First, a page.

GFS has opened, so what’s shopping at one like?

Howdy folks, and welcome back to Houston Historic Retail. Today, we’re checking out the shopping experience of a Gordon Food Service Store. HHR initially broke the news that GFS was planning to enter the Houston market almost one year ago. We’ve been following the development since then, finally getting official word from the company itself on their opening dates (speaking of which, if you’re a business that would like to have your story covered, reach out to HHR). After covering this story for months, it is exciting to see GFS finally arrive. Despite how you feel about the chain, it is nice to see new competition in Houston. For the most part, we’ve seen the extreme end of specialty grocers, like The Fresh Market or Sprouts. While GFS is more focused on wholesale, it is still a general grocer for the most part. While I wouldn’t do a weekly shop for myself at GFS, I could see it being advantageous for families. Today we’ll be checking out the GFS at Westheimer and Dairy Ashford (which, by the way, is not in the old Randall’s, but rather the former Goodwill/Petsmart.

One thing that surprised me at GFS was the variety of “regular groceries” these locations carry. I have been to the chain once before in Ohio, at a relatively older location. It lacked many fresh grocery options and mainly focused on frozen foods and bulk supplies. There is not only more fresh grocery selection in Houston but more options overall. A negative strike against GFS for many seems to be the price. Compared to other grocers, prices on non-GFS items are closer to Randall’s and Kroger than Walmart or HEB. I have seen some people comparing the bulk prices at a GFS store with buying from wholesale suppliers directly. It should be noted that the prices at GFS reflect a few things, like the fact that items are available without any membership and are purchased. I asked HHR Contributor billytheskink, who also visited the same location, what his thoughts were

As a nearby resident and a guy with a family to feed, my initial impression is that I probably won’t find myself there too often as the bulk offerings are generally more business and restaurant-oriented than general consumer-oriented. Even so, there are some interesting offerings that may get me in the door from time to time, particularly the well-stocked meat department, the front of store specials on pre-made items, and some competitively priced rotisserie chicken. I might also be back for the 2000 count box of Sweet ‘N Low…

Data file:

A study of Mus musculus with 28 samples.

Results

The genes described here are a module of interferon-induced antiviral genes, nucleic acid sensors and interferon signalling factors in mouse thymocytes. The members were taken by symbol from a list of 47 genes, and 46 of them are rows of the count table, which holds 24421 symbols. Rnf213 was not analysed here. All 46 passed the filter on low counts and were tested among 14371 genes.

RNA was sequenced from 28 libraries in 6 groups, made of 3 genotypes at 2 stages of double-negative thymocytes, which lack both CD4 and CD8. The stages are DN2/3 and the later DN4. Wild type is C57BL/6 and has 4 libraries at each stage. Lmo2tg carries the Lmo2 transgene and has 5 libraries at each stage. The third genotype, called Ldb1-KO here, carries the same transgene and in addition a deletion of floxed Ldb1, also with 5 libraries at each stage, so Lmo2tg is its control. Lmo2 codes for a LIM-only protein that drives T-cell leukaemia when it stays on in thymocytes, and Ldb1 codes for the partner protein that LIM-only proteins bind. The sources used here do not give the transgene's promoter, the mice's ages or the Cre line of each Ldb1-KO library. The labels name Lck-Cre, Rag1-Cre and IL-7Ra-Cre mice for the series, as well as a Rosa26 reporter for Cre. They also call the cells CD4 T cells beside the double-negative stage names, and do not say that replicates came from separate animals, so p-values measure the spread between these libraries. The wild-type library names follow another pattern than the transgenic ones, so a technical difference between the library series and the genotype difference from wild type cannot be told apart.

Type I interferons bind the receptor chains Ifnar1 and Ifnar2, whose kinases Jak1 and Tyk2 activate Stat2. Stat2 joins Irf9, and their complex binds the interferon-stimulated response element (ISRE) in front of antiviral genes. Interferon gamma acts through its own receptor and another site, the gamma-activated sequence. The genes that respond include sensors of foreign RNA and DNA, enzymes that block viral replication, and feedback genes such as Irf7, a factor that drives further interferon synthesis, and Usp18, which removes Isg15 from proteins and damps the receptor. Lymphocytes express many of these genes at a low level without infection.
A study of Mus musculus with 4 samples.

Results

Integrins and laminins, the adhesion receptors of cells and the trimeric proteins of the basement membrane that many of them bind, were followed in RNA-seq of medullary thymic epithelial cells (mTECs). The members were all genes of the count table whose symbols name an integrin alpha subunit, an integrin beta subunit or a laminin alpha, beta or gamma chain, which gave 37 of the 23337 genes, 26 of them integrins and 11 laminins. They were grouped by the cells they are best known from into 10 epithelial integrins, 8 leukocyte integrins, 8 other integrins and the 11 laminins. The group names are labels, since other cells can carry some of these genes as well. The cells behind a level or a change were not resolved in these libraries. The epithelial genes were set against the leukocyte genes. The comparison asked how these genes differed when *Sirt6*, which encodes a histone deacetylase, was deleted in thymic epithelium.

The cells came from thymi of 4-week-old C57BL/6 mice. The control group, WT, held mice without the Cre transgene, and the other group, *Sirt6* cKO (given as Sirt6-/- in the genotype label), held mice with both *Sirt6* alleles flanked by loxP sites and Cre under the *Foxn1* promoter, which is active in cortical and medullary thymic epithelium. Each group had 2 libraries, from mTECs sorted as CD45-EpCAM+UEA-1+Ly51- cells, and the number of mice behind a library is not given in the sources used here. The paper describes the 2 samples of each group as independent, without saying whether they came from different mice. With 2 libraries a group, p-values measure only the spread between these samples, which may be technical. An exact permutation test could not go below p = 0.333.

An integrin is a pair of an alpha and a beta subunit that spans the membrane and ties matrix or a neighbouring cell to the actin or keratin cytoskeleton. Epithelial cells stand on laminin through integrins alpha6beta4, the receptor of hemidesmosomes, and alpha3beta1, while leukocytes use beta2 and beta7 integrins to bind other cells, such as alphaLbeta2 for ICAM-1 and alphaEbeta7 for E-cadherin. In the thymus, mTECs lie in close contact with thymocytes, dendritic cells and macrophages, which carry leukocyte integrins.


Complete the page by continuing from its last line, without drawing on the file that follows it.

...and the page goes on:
Overall my impression is mixed, I think GFS can find a market in Houston, especially if they continue to target areas with poor representation by Sam’s and Costco. However, I’m unsure if the target market of “big families” is as big as GFS hopes for. If nothing else, I’d recommend you stop and check one out. They’re interesting stores, and the candy-coated popcorn is really good!


  1. I learned that Sprouts on Westheimer and Kirkwood is closing, so there will be one less competitor.

  2. This particular location is pretty convenient to a lot of small restaurant and food service businesses along the Westheimer corridor and in West Houston and Alief, so perhaps that will be their market. I’m sure these places weren’t thrilled when the Sam’s Club at Richmond and Eldridge closed a few years back.

    The store is pretty well presented, especially the meat department. The giant jugs of Ken’s salad dressing in produce brought back bad memories of using the same exact jugs years ago to the salad bar ranch bottles back when I worked at the cafeteria in college. It was never-ending… and it was always ranch. I hated salad bar duty and I have refused to eat ranch dressing ever since.

  3. I have not made it to my local GFS Store yet, but I plan to do so this week or next. From the photos, the stores obviously have a very austere warehouse type design (albeit a small warehouse relative to a Sam’s Club or something like that), but the displays and such look to be professional. Something like a popcorn service department is very unusual and something kind of like an old style candy counter might help retain some customers. The presence of the tortilleria and Blue Bell, food service sized and regular size, does show that GFS has put some effort into finding products that appeal to local flavors. Also, by all indications, the stores are certainly emphasizing manned checkouts so there is some priority on customer service. I’m not sure if they man enough registers for the demand, but I’m sure we’ll find out about that soon enough.

    So those are the positives. The negatives seem to be centered around pricing. On the consumer side of things, it appears the pricing is ‘average’. On the food service side of things, it appears the pricing ranges from high to obscenely high compared to Sam’s Club, Restaurant Depot, and the other food service companies that compete against GFS’ main non-retail store business. With that in mind, I suppose it is a question if GFS can find a niche for themselves. For the most part, GFS is going into parts of Houston with typically thin supermarket competition (though certainly that would not describe this Westheimer location) and even thinner bulk warehouse store competition. Add to that the non-membership model of GFS Stores and maybe there is a niche for them, but there might not be a big enough niche for them.

    We’ll see if GFS Stores can find some success in Houston. If nothing else, it is exciting to have a new grocery chain come to town for the first time in a decade and GFS Stores are mostly opening up in shopping centers which could use the kind of boost that a grocery anchor usually brings to a center.